Wednesday, 17 August 2022

Children’s charity making the future brighter for premature babies

BEING a new parent is a wonderful experience. Bringing new life into the world comes with its fair share of joy, exhilaration and of course tiredness, but above all, you feel a great deal of love for this tiny new person.

However, for the parents of the 60,000 babies born prematurely in the UK every year, the experience also brings worry, stress and fear.

These babies, the equivalent to one in every 13, often need a lot of extra care to survive.

As the official charity of the Trevor Mann Baby Unit (TMBU) in Brighton and the Special Care Baby Unit (SCBU) in Haywards Heath, along with all the neo-natal wards across Sussex, Rockinghorse knows how incredibly important this care is to more than 750 families whose babies are admitted to these two units every year.

And this care consists of so much, from specialist medical equipment to help keep tiny bodies working, to expertly trained staff to provide the 24-hour care required.

Working closely with the consultants, paediatricians and champions at the TMBU and SCBU, Rockinghorse can make sure they provide the equipment and services which will benefit the babies and families who need them most.

Families like Kate and Stuart Gare from Brighton with their 7-year-old twins Edie and Harry. Edie and Harry were born nine weeks early via caesarean after Kate went into premature labour with an undiagnosed heart condition.

Weighing just 3lbs, the twins were rushed to TMBU and into special incubators to provide the care they needed.

Children’s charity making the future brighter for premature babies
Harry and Edie then and now.

Kate explained: 

“It was all deeply traumatic. We thought they might be early because they were twins but not nine weeks early – we had planned for about four weeks which is common for twins, but 31 weeks felt way too soon, and we didn’t realise I was in labour for ages because it was so early.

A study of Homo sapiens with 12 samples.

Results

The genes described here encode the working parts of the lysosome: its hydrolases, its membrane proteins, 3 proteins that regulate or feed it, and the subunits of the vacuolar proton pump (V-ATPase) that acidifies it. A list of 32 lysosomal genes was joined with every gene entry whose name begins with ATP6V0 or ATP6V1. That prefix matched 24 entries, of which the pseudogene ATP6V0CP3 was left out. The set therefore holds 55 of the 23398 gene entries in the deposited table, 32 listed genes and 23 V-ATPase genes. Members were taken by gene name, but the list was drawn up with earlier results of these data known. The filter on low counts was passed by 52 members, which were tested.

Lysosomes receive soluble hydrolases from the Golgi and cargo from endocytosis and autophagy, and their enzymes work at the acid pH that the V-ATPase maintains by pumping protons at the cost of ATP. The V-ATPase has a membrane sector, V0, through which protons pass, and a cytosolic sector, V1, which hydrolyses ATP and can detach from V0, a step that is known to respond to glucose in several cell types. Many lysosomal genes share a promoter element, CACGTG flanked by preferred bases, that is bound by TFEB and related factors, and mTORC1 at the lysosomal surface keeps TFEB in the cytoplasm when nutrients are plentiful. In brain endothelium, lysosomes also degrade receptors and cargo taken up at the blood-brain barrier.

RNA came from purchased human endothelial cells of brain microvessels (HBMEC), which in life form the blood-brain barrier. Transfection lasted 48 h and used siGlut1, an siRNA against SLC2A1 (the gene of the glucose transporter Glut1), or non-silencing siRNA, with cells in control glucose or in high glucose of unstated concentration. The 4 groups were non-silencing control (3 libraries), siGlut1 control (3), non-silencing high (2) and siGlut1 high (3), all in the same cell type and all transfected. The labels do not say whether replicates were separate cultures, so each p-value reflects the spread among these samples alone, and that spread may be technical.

“Once they were born I wasn’t allowed to see Harry and Edie for the first six hours, and it was absolutely terrifying not knowing whether they were going to live.”

Stuart added: 

“When I was allowed to go and see the twins, I made a recording of them to show Kate, but it was all beeps and noises. They were absolutely teeny but there was just so much care and attention being shown to them.”

Kate continued: 

“They both needed help breathing and as I was working for Rockinghorse at the time I had been around when these amazing pieces of equipment had been bought for the hospital and it brings tears to my eyes now because neither of them could breathe or swallow without the help these machines provided.

“Luckily, they both improved and eventually moved from intensive care and that was when we realised, we could both breathe because they were doing really well. Looking at them now you would not have a clue that when they were born, they were so fragile.

“The staff in the TMBU were absolutely amazing and we can’t be more grateful because now Harry and Edie are nearly eight, they have just finished Year 2 at school, and they are amazing!”

With your help, Rockinghorse can support more children like Harry and Edie so that they can grow up to play football, bounce on their trampoline, have fun and reach their potential.

How you can help

The needs of premature babies are really broad, not to mention the things that would help make life easier for their parents, which is why Rockinghorse is fundraising for a range of things to help.

This could be specialist baby equipment like neonatal ventilators specifically designed for tiny lungs, incubators to support sick infants or cooling mats that can slow down the processes that cause brain damage in poorly babies.

Or donations could help provide equipment like cot rockers to help children get to sleep and toys like baby gyms that can help babies with their sensory development while spending a long time in hospital.

Donations of any size can help babies like Harry and Edie to get better, go home and enjoy getting back to what they do best, just being children.